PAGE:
Hope Oliver of Lincoln, Arkansas is starting her own dairy goat operation.  Submitted Photo.
Submitted Photo

Teen opts to start her own dairy goat operation 

LINCOLN, ARK. – The possibilities are endless when it comes to starting something new. In the agriculture world, starting a new project could be intimidating or seem impossible, but with new technologies, hundreds of guides and resources, learning how to begin is easier than you’d think. 

When it comes to making a dream come true, sometimes you must do your research and experience trial and error in order to make it work. Most big things start out small, so accomplishing goals can take time. However, that’s where the biggest lessons come from. 

Hope Oliver, junior at Lincoln High School, recently started her own supervised agricultural experience with dairy goats. Though she had never had experience with them, she still made it happen. 

“I live on a farm, and we’ve got lots of animals, but we mostly focus on the dairy cattle and dairy goats,” Hope said. 

It helps to have already established a basic knowledge of farming before starting a new project, which is why FFA and 4-H members are encouraged to start their own supervised agricultural experience. 

“Even though I’ve raised animals my whole life, [raising goats] is still new and exciting every day,” Hope said. 

Dairy goats are a new addition to Hope Oliver’s SAE. She said goat production presents a new set of challenges, but she enjoys the experience. Submitted Photo.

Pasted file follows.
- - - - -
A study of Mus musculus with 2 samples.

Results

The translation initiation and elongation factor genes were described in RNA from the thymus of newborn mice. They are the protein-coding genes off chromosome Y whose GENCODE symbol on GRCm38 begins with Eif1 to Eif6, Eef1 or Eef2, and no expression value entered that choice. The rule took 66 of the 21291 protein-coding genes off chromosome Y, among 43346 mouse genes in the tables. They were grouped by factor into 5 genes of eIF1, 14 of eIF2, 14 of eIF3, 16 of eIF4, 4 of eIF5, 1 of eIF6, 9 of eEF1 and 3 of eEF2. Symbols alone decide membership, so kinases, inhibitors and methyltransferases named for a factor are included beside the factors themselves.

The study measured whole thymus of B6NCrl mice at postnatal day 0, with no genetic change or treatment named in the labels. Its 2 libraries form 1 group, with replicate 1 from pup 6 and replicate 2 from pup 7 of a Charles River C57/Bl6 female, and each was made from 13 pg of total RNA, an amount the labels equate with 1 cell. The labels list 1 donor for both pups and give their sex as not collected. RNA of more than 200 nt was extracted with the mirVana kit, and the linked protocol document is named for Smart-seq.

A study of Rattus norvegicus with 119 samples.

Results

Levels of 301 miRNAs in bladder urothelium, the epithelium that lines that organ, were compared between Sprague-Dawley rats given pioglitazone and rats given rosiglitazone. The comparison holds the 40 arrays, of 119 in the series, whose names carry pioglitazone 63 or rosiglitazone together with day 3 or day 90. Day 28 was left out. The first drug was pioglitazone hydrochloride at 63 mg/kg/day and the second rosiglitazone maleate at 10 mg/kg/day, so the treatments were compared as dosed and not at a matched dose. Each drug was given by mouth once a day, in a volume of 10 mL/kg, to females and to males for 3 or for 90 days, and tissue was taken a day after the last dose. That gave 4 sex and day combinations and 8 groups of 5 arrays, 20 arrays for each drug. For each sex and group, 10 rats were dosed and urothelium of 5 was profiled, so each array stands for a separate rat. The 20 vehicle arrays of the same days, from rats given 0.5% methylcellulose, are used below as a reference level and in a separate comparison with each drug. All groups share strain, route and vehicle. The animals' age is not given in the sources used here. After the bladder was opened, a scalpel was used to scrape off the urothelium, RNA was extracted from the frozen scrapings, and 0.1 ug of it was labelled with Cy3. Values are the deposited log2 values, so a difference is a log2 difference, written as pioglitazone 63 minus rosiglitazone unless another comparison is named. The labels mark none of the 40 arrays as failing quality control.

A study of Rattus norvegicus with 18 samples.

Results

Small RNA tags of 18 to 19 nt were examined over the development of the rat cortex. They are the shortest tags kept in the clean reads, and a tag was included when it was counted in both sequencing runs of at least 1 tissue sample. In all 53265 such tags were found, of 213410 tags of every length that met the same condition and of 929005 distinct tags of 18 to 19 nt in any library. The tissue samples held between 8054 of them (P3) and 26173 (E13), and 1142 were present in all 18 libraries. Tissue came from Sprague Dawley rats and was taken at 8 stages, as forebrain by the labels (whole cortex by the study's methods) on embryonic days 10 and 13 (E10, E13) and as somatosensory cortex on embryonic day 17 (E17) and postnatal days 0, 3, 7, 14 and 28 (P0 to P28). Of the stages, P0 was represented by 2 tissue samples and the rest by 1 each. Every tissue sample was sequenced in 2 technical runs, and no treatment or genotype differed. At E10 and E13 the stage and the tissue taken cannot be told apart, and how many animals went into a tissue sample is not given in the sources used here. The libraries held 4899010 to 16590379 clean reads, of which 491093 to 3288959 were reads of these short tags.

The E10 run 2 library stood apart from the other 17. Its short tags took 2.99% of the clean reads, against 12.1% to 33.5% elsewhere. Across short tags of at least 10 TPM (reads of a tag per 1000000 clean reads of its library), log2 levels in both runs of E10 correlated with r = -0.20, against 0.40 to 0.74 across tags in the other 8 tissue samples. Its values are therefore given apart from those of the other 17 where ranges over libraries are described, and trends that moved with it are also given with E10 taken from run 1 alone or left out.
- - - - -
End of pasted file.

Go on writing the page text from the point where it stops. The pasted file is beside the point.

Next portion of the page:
Dairy goats are a new addition to Hope Oliver’s SAE. She said goat production presents a new set of challenges, but she enjoys the experience. Submitted Photo.

Even for people who might not have the land and resources already, there are opportunities to still get those experiences. FFA and 4-H members learn new skills and develop useful knowledge of several agricultural related topics. 

“For a majority of members it serves as an introduction to many soft-skills that employers are currently looking for such as work ethic and time management,” said Arkansas State FFA Advisor Gordon Eichelberger. 

There are so many options for students wanting to start their own projects to gain these valuable skills. Showing animals isn’t the only agricultural experience out there. Some students work on animal breeding or some other aspects of the industry. 

“SAEs go beyond just animal projects,” Gordan said. “We have students across the state that complete research projects, grow backyard gardens, establish beehives, work for agricultural businesses, paid and unpaid, and utilize facilities on campus to gain experiences in agriculture outside of the classroom.” 

There can be many challenges when starting a project. That doesn’t mean giving up is the better option. In order to see those successes of accomplishing a new hobby or project, students must come up with methods to help improve whatever they are doing. 

“You never know when an animal is going to get sick or suddenly pass away and learning how to figure out ways to help them can be different each time,” said Hope. 

When things don’t go right, sometimes that can be the biggest learning lesson. Finding systems that work the best can be hard at first, but with patience and perseverance there will be successes. There are several unexpected resources that may work better than others. 

“The greatest benefit of starting a new project or hobby is experience one will get in setting goals and working to accomplish them,” Gordon said. “This creates so many learning opportunities for students whether they accomplish their goal or come up short.”

Starting new things is challenging for everyone, but the opportunities for growth and learning are endless. Agricultural experiences will help students develop a perspective of the industry that they wouldn’t get from the classroom. 

So, if you’re thinking about picking up a new project and learning new skills, just know that the values of doing so have some of the greatest benefits.